Published in Dressage and CT, August 1998
The McPhail Chair Report #3
Last month we defined suspension as a period when none of the horse’s limbs is in contact with the ground. Suspension is a characteristic of some gaits; the trot has two suspensions in each stride, while the canter has only one. Other gaits, like the walk, don’t have a suspension.
Recently, it has been reported from two different gait laboratories, the McPhail Dressage Laboratory in Michigan and Mikael Holmstrom’s lab in Sweden, that the piaffe has no suspension. This seems to have created considerable discussion, maybe even disbelief in some circles. Part of the confusion between which gaits have and don’t have a suspension surely lies in the terminology. As we’ve seen, the biomechanical definition is a period during which none of the hooves is in contact with the ground. However, dressage terminology may associate other characteristics of movement with the word suspension. One of these is the up and down motion of the horse’s trunk during each stride. In the leaping gaits this motion is exaggerated with the horse’s body rising during the suspension and sinking during the support phase. In the stepping gaits the body rises as it passes over the supporting limb and sinks as the weight is transferred to the opposite limb. Let’s use the term trunk oscillation to distinguish this up-and-down movement of the horse’s body from true suspension.
Another possible area of confusion is in describing the movement of the limbs during the swing phase. In the walk, trot and canter, the hoof follows a smooth trajectory as it moves continuously from lift off until contact with the ground. In passage and piaffe, the hoof is raised, then held momentarily in an elevated position. This is what makes these gaits so majestic. Although the hoof is suspended in the air, this is not the same thing as a biomechanical suspension. Let’s call this action hovering.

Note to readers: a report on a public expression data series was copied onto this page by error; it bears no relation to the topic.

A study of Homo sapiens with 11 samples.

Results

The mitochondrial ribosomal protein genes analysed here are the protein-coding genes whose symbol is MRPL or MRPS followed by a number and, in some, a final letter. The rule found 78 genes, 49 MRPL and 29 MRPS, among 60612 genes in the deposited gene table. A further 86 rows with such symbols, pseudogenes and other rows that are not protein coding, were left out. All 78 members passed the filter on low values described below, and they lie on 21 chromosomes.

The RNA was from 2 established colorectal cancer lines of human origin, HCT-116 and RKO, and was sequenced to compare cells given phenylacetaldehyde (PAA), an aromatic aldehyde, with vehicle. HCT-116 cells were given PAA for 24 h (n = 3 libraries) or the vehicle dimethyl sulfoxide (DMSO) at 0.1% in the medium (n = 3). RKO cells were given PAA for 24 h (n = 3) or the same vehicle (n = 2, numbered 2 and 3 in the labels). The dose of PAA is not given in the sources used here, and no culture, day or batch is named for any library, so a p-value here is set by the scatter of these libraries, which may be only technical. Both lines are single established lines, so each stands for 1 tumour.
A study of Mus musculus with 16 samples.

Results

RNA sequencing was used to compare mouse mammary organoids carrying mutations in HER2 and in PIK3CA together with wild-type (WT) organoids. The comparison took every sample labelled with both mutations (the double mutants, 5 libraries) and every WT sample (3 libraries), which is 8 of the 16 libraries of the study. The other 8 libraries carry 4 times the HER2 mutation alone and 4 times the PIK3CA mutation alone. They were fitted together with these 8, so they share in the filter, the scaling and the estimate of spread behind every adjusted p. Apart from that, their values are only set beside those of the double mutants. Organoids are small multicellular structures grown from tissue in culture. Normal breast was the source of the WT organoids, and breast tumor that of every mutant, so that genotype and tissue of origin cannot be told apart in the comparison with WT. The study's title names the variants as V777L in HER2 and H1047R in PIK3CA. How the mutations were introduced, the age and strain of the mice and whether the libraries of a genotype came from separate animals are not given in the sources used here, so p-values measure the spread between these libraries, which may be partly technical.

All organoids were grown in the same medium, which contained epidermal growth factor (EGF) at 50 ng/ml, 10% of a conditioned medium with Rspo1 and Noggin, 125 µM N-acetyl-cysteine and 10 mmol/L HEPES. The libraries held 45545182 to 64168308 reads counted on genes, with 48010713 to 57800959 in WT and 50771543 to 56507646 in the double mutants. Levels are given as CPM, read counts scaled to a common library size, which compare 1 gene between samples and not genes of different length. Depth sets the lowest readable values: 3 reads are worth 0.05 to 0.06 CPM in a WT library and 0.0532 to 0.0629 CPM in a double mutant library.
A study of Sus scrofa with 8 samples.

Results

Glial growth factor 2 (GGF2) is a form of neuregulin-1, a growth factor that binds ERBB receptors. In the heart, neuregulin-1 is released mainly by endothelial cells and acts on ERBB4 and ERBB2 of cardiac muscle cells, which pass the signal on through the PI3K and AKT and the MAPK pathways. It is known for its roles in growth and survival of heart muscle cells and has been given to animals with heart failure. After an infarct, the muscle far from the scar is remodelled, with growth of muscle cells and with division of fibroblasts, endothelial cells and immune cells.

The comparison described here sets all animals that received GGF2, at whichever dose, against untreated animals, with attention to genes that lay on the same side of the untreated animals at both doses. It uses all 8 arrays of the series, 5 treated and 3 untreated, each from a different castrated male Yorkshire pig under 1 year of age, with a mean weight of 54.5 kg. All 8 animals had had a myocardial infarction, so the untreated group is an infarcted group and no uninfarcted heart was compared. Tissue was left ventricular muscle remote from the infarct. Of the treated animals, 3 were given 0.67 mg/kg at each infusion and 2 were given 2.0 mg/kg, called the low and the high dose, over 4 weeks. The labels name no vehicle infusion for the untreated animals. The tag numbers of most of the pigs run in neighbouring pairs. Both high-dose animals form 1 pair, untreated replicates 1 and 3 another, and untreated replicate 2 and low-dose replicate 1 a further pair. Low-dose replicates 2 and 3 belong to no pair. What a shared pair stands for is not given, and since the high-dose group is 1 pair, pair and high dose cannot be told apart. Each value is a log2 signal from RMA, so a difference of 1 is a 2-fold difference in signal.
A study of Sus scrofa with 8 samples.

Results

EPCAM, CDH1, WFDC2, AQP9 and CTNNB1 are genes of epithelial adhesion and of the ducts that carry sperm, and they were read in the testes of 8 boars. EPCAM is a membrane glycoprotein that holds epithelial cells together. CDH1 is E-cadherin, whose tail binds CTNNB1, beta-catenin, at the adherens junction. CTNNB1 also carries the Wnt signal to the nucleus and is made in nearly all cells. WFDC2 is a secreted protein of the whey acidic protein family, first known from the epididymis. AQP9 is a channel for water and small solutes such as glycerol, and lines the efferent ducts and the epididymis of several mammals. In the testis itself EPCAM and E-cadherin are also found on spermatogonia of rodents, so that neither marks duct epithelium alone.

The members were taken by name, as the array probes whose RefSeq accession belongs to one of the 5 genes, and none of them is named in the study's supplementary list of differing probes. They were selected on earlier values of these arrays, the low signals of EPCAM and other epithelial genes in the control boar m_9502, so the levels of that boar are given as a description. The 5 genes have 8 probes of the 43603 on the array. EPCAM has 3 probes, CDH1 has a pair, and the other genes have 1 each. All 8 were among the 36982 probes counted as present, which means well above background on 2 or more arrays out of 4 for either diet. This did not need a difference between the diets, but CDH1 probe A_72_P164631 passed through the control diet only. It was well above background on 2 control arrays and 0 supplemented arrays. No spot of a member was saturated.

Passage is characterized by having a prolonged suspension, marked oscillations of the trunk and a hovering action of the limbs. Piaffe has an obvious hovering action of the limbs and, in horses that move through their backs, it shows oscillations of the trunk, but piaffe does not have a suspension. I say this with conviction having analyzed slow motion videos of all the individual medal contenders in the Barcelona and Atlanta Olympics, plus a number of highly trained Andalusian and Lippizan horses. All of these horses performed the piaffe as a stepping gait without a period in which all four hooves were clear of the ground. During each stride the trunk rises as the weight shifts from one diagonal pair of limbs to the other, then sinks as the new diagonal accepts the horse’s weight.
Try this exercise to give yourself a better feeling for how the horse piaffes. Stand on the floor on your left foot and rise up onto tiptoe. As you reach your highest position, put your right toe on the ground and shift your weight from left to right toe. Gradually allow your right heel to settle onto the ground, while bending your knee and hip joints. Reverse the motion, rising through your hip, knee and ankle joints until you’re on tiptoe, then smoothly shift your weight onto your left toe and repeat. Initially you may have problems balancing (so do horses) and in making a smooth weight transfer but keep practicing until the movement starts to flow. This is the action of piaffe.
If you’re still having difficulty accepting the notion of a suspenseless piaffe, replay videos in slow motion or single frame advance. If you find a horse that has a true suspension, that is with all four hooves visibly clear of the ground, during the performance of piaffe (not half steps), please send me a copy of the tape. Having said this, I should comment that just occasionally Rembrant showed a very short suspension but only on one diagonal. Of course, one of the criticisms of Rembrant’s piaffe was that he was trotting on the spot rather than showing the true characteristics of piaffe.
The FEI rules describe piaffe as “a highly collected, cadenced, elevated diagonal movement”. It differs from the description of the passage which is “a measured, very collected, very elevated and very cadenced trot”. This leaves open the possibility that piaffe is not a trotting gait. However, it is also stated that in piaffe “each diagonal pair of feet is raised and returned to the ground alternately, with an even cadence and a slightly prolonged suspension.” In the context in which it is written, it seems likely that suspension is refering to the hovering motion of the limbs.
The idea that piaffe is a stepping gait rather than a leaping gait is not a new one. The Manual of the German National Equestrian Federation recognizes the fact that there is no suspension in piaffe, and classical drawings of piaffe as performed at the Spanish Riding School show a stepping type of gait.
In conclusion, a suspension is an integral part of the canter, trot and passage. The piaffe, however, does not have a suspension and should be classified as a stepping gait. This is one of the differences between piaffe and the other diagonal gaits (trot and passage) and is one of the reasons why piaffe should, perhaps, be regarded as a separate gait.